Nearly 70 years have passed since the last shot was fired marking the end of World War II. But to look at headlines that emerged out of Germany this week, it may comes as a surprise that there are still bombs left behind from the conflict still waiting to go off.
Earlier this week, a 550-pound American-made bomb dating back to World War II was intentionally detonated in a controlled burst after its discovery by construction workers in the city of Oranienburg.
Although it was a managed explosion, officials still evacuated some 2,500 residents surrounding the blast area. The explosion shattered windows near the site and set roofs ablaze. But thanks to careful planning, the bomb didn’t claim any lives.
But that’s not all. On Thursday, a second bomb that was discovered was also detonated in the same city near the train station. It, too, had to be detonated, because moving the explosive was simply too risky.
Though it’s uncommon for two WWII-era bombs to be found and detonated in the same city within 24 hours of one another, it should come as no surprise that these explosives are lurking beneath what are now quiet urban or suburban areas. During WWII, when the whole nation was turned into a battlefield, some 22,000 bombs were drilled by the Allies on Oranienburg alone, according to NBC News.
West Germany enjoyed the support of the Allies from the United States and Western Europe. The country developed into a commercial and industrial force. East Germany lagged behind, however, until the two states were reunited following the fall of the Berlin Wall. Then, East Germany underwent massive redevelopment efforts to catch up to the West, all funded by German taxpayers. These development efforts can lead to the discovery of unwanted historic artifacts.
In some cases, bombs can be moved. In other instances, they have to be detonated because the ordinances are simply too deteriorated and fragile to risk moving them. In the case of the 550-pound bomb, the device was equipped with a chemical trigger instead of a mechanical one, making simple defusal much more risky.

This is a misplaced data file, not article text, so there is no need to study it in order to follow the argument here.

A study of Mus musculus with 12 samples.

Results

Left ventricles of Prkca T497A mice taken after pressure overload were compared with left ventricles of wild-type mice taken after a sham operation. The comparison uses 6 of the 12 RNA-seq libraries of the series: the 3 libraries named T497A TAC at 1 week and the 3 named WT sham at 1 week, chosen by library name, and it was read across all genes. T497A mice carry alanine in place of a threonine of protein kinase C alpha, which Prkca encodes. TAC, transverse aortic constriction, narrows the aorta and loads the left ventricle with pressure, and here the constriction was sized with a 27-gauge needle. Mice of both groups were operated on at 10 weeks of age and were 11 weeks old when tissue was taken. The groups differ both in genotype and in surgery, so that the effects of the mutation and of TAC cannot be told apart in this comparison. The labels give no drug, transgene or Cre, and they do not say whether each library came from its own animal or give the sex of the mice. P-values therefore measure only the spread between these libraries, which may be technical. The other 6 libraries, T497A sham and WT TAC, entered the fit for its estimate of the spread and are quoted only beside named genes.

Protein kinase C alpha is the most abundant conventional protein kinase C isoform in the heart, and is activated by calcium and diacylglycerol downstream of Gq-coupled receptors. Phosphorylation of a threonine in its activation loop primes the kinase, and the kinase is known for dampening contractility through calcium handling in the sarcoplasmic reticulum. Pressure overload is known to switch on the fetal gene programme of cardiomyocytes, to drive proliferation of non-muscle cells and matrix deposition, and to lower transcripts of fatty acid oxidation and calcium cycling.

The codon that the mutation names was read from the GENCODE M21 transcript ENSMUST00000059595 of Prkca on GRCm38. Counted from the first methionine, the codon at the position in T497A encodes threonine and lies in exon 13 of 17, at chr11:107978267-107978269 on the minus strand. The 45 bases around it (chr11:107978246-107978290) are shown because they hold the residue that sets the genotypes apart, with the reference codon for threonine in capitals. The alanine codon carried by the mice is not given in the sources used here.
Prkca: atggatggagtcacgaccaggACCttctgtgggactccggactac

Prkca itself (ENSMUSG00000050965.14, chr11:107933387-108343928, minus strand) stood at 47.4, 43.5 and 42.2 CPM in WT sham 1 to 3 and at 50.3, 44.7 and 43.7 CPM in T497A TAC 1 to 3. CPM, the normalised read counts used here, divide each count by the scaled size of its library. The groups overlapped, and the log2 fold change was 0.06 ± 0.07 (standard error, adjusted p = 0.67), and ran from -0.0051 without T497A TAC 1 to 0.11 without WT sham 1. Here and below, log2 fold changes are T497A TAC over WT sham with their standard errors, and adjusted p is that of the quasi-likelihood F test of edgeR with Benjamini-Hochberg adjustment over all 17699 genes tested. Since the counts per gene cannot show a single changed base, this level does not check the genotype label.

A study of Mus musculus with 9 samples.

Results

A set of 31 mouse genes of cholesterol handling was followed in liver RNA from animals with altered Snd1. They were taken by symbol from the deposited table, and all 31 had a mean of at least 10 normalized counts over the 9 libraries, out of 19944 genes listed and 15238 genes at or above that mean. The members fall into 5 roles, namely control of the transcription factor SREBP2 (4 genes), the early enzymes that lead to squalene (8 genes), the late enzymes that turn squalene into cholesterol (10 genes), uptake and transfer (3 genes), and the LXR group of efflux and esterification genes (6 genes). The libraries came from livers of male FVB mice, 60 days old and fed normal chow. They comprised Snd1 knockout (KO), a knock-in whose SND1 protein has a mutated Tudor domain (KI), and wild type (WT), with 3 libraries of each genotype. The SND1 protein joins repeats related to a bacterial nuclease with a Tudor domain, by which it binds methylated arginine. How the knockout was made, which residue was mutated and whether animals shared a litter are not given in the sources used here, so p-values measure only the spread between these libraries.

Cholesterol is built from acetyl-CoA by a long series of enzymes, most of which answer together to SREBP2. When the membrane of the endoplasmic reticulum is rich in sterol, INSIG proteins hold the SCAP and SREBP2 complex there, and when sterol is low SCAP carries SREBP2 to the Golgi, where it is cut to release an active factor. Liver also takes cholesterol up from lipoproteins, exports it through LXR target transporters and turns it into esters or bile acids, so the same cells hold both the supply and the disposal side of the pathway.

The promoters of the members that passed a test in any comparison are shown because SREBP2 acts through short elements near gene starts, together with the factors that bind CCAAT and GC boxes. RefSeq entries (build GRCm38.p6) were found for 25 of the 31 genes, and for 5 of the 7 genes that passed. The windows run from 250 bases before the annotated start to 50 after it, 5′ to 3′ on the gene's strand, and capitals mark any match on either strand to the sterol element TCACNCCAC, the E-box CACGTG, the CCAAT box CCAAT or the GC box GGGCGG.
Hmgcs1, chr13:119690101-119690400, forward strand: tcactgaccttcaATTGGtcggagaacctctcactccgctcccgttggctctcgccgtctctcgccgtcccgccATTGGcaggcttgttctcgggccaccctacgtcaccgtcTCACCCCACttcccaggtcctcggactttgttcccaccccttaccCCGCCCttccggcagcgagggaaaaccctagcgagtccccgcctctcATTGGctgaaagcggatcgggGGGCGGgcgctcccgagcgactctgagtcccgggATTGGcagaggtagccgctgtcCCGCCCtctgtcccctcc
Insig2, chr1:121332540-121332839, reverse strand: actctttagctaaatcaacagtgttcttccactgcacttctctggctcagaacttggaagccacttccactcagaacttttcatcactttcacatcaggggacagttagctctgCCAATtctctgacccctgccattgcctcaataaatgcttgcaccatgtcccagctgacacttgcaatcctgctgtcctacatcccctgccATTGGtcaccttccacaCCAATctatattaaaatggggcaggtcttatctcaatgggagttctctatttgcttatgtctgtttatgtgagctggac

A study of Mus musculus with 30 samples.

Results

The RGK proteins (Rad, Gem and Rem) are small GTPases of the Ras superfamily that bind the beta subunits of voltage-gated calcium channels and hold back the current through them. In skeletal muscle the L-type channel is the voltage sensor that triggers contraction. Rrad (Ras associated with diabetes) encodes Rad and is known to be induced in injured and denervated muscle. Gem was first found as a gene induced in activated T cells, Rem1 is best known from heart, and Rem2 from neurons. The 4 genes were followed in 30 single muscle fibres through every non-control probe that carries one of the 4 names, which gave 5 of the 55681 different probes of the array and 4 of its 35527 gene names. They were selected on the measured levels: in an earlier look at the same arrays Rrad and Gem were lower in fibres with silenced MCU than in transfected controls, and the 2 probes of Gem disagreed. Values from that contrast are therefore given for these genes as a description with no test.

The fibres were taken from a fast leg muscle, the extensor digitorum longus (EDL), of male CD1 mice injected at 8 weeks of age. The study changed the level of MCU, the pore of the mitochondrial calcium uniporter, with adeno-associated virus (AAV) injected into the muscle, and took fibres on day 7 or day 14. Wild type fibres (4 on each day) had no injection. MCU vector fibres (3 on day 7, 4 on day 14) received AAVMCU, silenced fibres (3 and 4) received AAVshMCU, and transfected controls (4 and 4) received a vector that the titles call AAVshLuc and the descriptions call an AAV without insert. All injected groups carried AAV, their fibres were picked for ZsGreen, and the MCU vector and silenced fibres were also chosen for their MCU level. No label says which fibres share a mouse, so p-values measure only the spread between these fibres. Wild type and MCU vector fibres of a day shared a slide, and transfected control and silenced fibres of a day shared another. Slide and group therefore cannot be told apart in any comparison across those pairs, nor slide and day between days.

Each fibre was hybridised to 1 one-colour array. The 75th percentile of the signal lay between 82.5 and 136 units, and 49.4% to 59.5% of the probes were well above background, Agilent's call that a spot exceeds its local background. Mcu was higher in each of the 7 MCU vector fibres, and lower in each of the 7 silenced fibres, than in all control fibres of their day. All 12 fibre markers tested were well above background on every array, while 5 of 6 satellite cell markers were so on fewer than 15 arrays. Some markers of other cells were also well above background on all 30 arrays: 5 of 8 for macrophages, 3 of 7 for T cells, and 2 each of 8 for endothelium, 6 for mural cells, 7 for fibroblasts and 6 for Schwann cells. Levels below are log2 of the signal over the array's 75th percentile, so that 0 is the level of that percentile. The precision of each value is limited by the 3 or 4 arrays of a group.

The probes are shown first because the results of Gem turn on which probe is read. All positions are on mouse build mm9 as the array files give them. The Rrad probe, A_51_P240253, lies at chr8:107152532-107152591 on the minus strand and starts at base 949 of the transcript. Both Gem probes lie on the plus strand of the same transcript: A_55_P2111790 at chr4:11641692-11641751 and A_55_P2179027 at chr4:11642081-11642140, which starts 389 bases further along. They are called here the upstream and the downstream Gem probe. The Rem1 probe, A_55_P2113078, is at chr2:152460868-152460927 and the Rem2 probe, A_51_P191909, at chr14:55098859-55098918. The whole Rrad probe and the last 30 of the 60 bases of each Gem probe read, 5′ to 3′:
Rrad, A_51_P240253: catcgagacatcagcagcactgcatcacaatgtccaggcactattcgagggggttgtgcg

As Rose Eveleth writes on Smithsonian.com, the 550-pound bomb isn’t even the largest recent discovery. Last year, German officials discovered a 1.8-ton explosive dropped by the British Royal Air Force during World War II near Koblenz. In that case, however, bomb removal experts defused the device simply by wrenching off the fuse.
Although these latest cases have made headlines, unexploded ordinances are discovered all the time, as the Atlantic’s Alexander Abad-Santos notes. In fact, some 5,500 bombs discovered in Germany are defused every year, an average of 15 per day. During World War II, the Allies dropped some 2 million tons (or 4 billion pounds) of explosives, with experts estimating that anywhere between 5 and 15 percent did not detonate.
Germany isn’t the only European country dealing with unwanted reminders of a war that took place generations ago. In fact, officials at Amsterdam’s Schipol airport, one of the biggest transportation hubs in Europe, had to close down part of the facility following the discovery of a WWII-era explosive.
And in Poland, a 1.5-ton bomb brought Warsaw to a standstill, according to a Reuters report. Unlike the other explosives, this bomb was of Nazi origin, rather than dropped by the Allies.
Thankfully, given how much practice bomb defusal teams have had with removing unexploded ordinances dating back to WWII, no injuries or deaths have been reported of late, and property damage has been kept to a minimum.